Quote of the Day: Undermining The Basis of the WBC Edition


But I do take issue with those — be they MLB officials or national columnists — who claim that the WBC determines something truly important or tells us something even remotely meaningful about the state of international baseball. For starters, it’s not globalizing baseball in a basic sense, because as Twitter friend @yakyunightowl noted last night:

It may put an official, MLB-led imprimatur on international baseball, complete with marketing and broadcast rights and all of that stuff, but no one involved in these finals is truly introducing baseball to their homelands. It was already there.

But marketing and broadcast rights are part and parcel of the 21st century, so that’s fine. If they want to claim that stuff is significant they won’t get too strong an argument from me. I lost that fight years ago.

That said, anyone who claims that these games tell us something meaningful about the relative baseball power of the countries involved in the tournament will get a strong argument from me. Because as the hero of last night’s game, Alex Rios, noted himself, the best players in the thing are not exactly playing at full strength:

“For us, this is like Spring Training,” Rios said. “We’re still in a preparation phase. We have to understand that we’re not at our maximum. We have to work on our approach and the game and do our job as well as we can. We can’t just be worried about mechanics. It’s just the approach. Thanks to our results, which were favorable tonight, we have done well.”

Good for him and other major leaguers for fighting through all that rust and bad mechanics to play competitive baseball, but please note the rust and bad mechanics. They’re simply not at full speed and skill, and to suggest that we’re seeing the pinacle of baseball right now is like watching Led Zeppelin play Live Aid in 1985 or listened to the Beatles sing “Free as a Bird” and saying you saw the pinnacle of rock and roll.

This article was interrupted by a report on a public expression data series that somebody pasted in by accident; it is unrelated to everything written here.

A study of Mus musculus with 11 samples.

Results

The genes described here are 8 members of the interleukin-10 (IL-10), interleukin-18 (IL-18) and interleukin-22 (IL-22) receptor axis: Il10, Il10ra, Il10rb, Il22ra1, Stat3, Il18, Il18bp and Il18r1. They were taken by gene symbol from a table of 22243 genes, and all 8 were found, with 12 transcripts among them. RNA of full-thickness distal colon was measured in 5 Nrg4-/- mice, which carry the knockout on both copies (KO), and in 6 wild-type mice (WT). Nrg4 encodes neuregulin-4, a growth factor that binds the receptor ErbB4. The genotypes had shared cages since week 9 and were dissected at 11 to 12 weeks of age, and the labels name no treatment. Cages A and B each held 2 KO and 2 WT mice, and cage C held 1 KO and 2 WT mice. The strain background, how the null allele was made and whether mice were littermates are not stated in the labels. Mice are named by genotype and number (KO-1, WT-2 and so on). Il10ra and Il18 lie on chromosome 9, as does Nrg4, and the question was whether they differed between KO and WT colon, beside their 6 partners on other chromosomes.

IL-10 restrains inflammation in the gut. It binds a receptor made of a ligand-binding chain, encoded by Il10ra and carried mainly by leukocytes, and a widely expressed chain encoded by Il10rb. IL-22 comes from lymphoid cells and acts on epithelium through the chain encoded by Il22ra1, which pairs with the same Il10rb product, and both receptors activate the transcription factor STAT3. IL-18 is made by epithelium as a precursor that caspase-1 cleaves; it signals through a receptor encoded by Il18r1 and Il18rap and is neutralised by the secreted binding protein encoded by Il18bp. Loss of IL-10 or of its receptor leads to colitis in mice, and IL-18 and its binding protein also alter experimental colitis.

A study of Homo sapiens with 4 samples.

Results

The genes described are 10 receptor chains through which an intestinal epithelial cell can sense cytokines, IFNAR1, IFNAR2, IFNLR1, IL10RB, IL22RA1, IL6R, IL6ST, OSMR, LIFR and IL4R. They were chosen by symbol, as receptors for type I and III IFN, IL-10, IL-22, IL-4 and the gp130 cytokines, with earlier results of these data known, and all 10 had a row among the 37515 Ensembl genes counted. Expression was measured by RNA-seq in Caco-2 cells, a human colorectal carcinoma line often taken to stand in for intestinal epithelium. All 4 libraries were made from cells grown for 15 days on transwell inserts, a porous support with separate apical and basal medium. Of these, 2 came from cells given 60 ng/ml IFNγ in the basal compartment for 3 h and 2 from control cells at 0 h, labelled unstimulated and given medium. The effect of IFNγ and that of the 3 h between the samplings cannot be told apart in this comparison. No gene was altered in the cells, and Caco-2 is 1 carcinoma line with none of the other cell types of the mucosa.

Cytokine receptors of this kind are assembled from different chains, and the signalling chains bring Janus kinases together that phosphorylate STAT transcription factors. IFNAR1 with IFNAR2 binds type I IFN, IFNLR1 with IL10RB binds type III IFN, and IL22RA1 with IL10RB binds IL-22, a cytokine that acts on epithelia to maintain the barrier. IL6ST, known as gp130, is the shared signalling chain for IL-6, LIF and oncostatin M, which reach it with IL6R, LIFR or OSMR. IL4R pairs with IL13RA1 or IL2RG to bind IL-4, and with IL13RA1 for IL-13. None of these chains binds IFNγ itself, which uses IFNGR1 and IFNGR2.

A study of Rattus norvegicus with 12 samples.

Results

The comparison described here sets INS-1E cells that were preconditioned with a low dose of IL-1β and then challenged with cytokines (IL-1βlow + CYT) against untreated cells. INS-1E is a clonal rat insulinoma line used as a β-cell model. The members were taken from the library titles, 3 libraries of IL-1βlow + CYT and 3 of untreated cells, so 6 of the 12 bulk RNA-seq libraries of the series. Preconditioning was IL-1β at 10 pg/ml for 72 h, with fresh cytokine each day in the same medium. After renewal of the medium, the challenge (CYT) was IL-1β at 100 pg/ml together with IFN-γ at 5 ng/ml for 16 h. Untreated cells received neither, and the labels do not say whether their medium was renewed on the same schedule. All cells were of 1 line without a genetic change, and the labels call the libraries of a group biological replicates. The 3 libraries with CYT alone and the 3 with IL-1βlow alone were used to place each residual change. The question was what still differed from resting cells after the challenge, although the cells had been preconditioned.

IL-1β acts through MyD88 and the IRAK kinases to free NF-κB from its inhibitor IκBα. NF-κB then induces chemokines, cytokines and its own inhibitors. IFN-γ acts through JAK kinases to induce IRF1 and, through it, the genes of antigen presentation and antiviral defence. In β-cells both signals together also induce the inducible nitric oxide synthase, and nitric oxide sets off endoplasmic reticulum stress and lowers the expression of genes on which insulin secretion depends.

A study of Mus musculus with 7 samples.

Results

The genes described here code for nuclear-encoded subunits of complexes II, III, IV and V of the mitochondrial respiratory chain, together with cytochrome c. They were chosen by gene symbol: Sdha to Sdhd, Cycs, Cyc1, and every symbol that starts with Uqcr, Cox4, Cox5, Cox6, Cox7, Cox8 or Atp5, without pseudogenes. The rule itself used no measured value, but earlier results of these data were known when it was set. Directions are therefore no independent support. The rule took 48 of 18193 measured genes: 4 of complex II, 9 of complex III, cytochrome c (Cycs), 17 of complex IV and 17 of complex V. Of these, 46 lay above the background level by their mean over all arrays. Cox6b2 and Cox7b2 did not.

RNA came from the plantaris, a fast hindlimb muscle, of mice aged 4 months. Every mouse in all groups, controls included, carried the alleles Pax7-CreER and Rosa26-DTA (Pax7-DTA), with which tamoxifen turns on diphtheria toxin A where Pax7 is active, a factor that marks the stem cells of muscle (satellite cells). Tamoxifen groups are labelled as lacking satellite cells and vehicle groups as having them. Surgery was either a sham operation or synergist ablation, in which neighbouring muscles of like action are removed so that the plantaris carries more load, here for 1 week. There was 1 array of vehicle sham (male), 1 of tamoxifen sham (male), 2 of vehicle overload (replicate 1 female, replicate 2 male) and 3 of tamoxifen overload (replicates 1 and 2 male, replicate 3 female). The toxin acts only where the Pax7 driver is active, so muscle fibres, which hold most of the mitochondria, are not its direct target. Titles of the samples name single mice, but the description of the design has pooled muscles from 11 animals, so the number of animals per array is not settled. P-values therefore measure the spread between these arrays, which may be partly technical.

It’s fun. It’s cool. It’s baseball. It’s just not telling us anything particularly meaningful.

Report: Nathan Eovaldi drawing interest from at least nine teams

Nathan Eovaldi

It wasn’t all smooth sailing for the 28-year-old in 2018, however. After losing his 2017 season to Tommy John surgery, he underwent an additional procedure to remove loose bodies from his right elbow in March and didn’t make his first appearance until the end of May. He was flipped for lefty reliever Jalen Beeks just prior to the trade deadline and finished his season with a combined 6-7 record in 21 starts, a 3.81 ERA, 1.6 BB/9, and 8.2 SO/9 through 111 innings.

Despite his numerous health issues over the last few years, Eovaldi raised his stock in October after becoming a major contributor during the Red Sox’ championship run. He contributed two quality starts in the ALDS and ALCS and returned in Games 1-3 of the World Series with three lights-out performances in relief — including a six-inning effort in the 18-inning marathon that was Game 3.

A frontrunner has yet to emerge for the righty this offseason, but Cafardo points out that the nine teams listed so far might just be the tip of the iceberg. Still, he won’t be the most sought-after starter on the market, as former Diamondbacks southpaw Patrick Corbin is expected to command an even bigger payday following his career-best 6.0-fWAR performance in 2018.